Five Things You Should Do Right Now to Preserve Your Network and Systems

1. Backup Files Every Day – As catastrophic as data loss is, the number of businesses that still are not backing up their network is unbelievable. According to the Symantec Small to Medium Size Businesses (SMB) data, only 23% of SMBs are backing up their data on a daily basis and fewer than 50% are backing up data weekly. Any number of events can result in data loss, so the importance of frequently backing up your network cannot be overstated.

2. Ensure Backup Procedures Are Checked Regularly – Many times business owners think that they have a backup system in place only to find out after it’s too late that it hasn’t been working properly. It may seem like your files are being backed up daily, however, the backup could have become corrupt or it is not backing up huge chunks of critical data. Check your backup procedures regularly to ensure they are working properly in order to be sure that ALL of your data can be recovered. In the age of BYOD (Bring-Your-Own-Devices) it is also important to frequently backup data on your employee’s personal laptops, iPads or Blackberrys, so make sure you have a procedure in place to check those backups as well.

3. Make Sure Updated Virus Protection and Firewalls Are Always Enabled – Far too many companies either have no virus protection, expired virus software licenses, or disabled virus programs that aren’t running at all. This makes their business technology vulnerable to virus attacks from emails, spam, data downloads, and unreputable websites. Further, because of inadequate firewall protection about 40% of small to medium businesses will have their network accessed by a hacker. Chances are, when these businesses are attacked they will be entirely unaware it is happening. In order to protect your valuable data and assets, ensure your virus protection is adequate, up-to-date and functioning properly and that your firewall is intact. Finally, don’t forget to update security patches and change passwords when an employee leaves in order to deter hacking attempts.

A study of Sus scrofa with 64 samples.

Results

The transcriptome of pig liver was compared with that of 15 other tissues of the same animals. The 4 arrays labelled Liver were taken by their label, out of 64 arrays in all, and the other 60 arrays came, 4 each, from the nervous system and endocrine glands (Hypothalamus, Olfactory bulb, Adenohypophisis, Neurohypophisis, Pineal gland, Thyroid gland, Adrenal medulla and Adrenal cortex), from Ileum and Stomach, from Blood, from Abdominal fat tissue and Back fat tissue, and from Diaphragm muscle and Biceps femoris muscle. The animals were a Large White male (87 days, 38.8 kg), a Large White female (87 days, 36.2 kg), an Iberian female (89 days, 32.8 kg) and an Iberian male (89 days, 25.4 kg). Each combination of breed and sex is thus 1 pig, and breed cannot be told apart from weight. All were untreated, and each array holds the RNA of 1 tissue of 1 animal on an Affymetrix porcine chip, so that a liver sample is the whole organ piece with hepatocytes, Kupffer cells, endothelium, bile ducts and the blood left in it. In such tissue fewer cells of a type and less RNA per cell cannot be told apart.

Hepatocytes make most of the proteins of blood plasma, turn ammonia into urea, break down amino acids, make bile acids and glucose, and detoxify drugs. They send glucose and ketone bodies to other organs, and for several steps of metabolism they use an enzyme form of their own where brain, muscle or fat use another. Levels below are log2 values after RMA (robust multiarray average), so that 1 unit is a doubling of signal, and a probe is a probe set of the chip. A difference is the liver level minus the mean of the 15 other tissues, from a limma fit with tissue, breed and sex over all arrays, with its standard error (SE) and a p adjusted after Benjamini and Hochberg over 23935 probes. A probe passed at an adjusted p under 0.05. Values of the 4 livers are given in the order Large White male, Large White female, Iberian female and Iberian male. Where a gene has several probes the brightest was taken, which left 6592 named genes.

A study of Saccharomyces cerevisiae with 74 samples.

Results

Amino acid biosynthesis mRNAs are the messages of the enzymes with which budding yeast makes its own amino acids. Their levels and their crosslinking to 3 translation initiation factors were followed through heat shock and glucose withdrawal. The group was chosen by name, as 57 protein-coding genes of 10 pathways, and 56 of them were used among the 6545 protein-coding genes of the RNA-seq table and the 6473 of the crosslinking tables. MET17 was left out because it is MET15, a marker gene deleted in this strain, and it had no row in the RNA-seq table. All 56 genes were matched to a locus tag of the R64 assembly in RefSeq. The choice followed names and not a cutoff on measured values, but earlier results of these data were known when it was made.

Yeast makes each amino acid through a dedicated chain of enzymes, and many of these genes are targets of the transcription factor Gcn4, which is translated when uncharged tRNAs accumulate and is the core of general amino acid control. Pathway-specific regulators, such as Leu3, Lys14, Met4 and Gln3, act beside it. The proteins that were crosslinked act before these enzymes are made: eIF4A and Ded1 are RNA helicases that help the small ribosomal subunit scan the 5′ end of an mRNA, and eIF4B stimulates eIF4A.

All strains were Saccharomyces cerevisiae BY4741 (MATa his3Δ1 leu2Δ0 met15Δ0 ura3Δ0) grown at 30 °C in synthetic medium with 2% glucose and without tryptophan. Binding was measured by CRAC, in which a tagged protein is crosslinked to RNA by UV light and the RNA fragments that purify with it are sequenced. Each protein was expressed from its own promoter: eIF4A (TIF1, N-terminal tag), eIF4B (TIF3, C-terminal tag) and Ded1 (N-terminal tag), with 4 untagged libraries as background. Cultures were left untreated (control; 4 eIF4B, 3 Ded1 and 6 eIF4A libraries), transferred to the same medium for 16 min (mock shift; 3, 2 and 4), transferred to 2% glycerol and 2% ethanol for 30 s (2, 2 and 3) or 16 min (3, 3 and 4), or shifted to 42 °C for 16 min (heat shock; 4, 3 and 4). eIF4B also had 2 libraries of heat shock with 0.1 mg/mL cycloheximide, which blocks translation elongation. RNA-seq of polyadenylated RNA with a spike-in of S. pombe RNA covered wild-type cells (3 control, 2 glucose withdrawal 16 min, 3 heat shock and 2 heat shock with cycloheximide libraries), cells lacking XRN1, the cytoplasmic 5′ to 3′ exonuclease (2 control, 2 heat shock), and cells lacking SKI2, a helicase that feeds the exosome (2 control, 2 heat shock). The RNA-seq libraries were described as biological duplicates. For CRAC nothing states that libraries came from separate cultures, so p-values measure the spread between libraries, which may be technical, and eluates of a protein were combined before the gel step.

4. Monitor Server Drives – Dangerously full server drives can bring their own set of problems – ranging from program and server crashes to sluggish email delivery. Proactive monitoring and maintenance of your server can spare your business a lot of problems down the road.

5. Regularly Check Critical Built-In Logs – Very few problems with technology emerge suddenly. These problems typically progress over time and evolve into more serious problems. Frequently review your critical built-in log files to help identify the problem before it has gotten out of control and wreaks havoc on your business infrastructure.

Can You Really Afford Not to Have a Backup Plan?

According to Symantec SMB, 50% of SMBs admit to having no backup and disaster recovery plan in place. 41% of those surveyed confessed that they had never even given much thought to implementing a disaster recovery or business continuity plan. If you are one of them, then you really need to think about whether you can afford the status quo. Answering these questions will help you decide.

1. How often is employee productivity and customer accessibility or service stalled each day from a downed network or system?

2. How much downtime can your business truly afford and what kind of backup or recovery solutions are in effect when systems are unavailable?

3. What level of IT support can be accessed? Can it be accessed quickly enough to minimize damage? Are you confident that your business can either be back online or be able to access lost data with minimal disruption, no matter what?

4. Is your most critical data frequently backed up? Is the data on the personal laptops, iPads or Blackberrys of employees backed up? Are all backups stored in a location off-site and quickly accessible in the event of theft, fire or flooding? Are you using any custom installed software and is the supplier still in business should this software need to be re-installed or updated? Are account details, licensing agreements, and security settings somewhere on record, and is it duplicated off-site?

5. Are your systems truly protected from theft, hackers, and viruses? Are passwords to sensitive data changed whenever employees leave the company or business unit?

6. When was the last time you tested backup processes to ensure they are working properly? How quick were your back ups?

Answering these questions will help you understand if you are needlessly bleeding money every day by subjecting your business to the high hourly rates, service charges, trip fees and wait times of on-call IT support. If you are an SMB, you don’t have to fear technology failure. A trusted MSP can help you resolve these challenges in a more effective and efficient manner.